Under-18s may soon have to pluck up the courage to ask their parents to remove that block on internet pornography if ministers of the UK government get their way in approving a change in the law that would give parents even more control over the type of content their broadband provider provides. If such a move goes ahead, we might soon have to delegate exactly what will and will not be blocked by our ISPs upon sign-up; including the likes of pornographic content, gambling websites, social networks and more.
It’s a move that is driven largely by the often unreasonable and uptight concerns about the openness of the internet. In particular, our attention is being drawn to the relative ease at which minors can get hold of sexually explicit material, engage in or be the victim of cyber-bullying on social networks, and furthermore being alerted to the vulnerability of some such minors when online.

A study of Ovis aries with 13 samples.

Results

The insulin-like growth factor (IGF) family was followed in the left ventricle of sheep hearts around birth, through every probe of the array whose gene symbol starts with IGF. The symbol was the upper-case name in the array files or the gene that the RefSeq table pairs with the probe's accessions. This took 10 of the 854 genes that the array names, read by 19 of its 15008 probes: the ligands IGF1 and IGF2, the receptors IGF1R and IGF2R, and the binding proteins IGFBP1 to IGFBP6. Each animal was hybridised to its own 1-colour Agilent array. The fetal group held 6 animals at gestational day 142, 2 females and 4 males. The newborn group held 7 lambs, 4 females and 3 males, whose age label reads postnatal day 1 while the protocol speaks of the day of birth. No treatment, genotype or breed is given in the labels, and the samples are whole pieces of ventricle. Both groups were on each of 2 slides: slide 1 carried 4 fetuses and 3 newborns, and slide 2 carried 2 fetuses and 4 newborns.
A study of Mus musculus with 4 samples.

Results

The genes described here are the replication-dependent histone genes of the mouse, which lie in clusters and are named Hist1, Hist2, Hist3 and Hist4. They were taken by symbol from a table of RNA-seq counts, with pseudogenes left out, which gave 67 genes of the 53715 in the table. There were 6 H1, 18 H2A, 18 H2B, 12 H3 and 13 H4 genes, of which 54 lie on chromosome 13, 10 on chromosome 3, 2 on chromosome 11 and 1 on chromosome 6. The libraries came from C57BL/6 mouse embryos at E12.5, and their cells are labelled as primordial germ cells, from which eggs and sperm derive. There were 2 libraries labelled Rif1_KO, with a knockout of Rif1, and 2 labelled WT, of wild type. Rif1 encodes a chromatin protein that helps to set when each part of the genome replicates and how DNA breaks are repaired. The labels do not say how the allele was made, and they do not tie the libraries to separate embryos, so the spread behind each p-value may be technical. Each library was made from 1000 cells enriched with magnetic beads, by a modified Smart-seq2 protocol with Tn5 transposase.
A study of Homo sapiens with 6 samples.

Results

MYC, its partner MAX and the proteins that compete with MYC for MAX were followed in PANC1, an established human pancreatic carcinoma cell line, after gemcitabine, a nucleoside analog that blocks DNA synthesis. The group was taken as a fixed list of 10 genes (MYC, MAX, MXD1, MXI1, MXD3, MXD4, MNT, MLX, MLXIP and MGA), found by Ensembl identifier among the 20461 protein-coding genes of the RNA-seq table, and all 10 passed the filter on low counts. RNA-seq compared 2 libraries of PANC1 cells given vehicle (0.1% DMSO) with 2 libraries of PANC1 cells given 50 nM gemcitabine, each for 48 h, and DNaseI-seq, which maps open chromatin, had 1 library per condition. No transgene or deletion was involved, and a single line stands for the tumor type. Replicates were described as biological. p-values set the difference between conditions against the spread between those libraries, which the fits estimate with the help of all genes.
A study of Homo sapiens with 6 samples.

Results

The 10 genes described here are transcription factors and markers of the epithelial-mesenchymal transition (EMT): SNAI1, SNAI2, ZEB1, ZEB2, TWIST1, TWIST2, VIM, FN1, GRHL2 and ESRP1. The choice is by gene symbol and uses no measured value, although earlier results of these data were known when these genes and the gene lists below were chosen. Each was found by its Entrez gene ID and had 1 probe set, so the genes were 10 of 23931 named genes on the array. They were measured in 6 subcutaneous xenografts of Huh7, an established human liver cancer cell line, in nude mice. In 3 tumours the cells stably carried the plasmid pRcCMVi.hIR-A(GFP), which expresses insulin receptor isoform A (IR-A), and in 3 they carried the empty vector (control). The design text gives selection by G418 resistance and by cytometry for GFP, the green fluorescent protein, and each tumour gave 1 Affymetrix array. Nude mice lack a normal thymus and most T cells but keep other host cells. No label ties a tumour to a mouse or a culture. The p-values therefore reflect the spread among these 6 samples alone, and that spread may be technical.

Parents and computer experts are purportedly being asked to choose between automatic filters which, when turned on, would block harmful websites, or instead a more targeted and intrusive system which involves users to choose what they will have access to online at the point of sign up.
But while more traditional safe-guards might have buyers choosing to block certain categories of content by ticking the corresponding box, one of the system's proposed here –- and based on “Nudge” theory, a US concept based on subtle persuasion through understanding human behaviour -- would instead 'nudge' people to block some of the more harmful categories by pre-checking options, urging customers to choose to 'opt-in' if they wish to view it. Conservative MP Claire Perry has even pushed for such restrictions to be taken further, stressing that each ISP ought to block harmful content at base-level, requiring users to contact the company to reverse it. Let the awkward calls commence.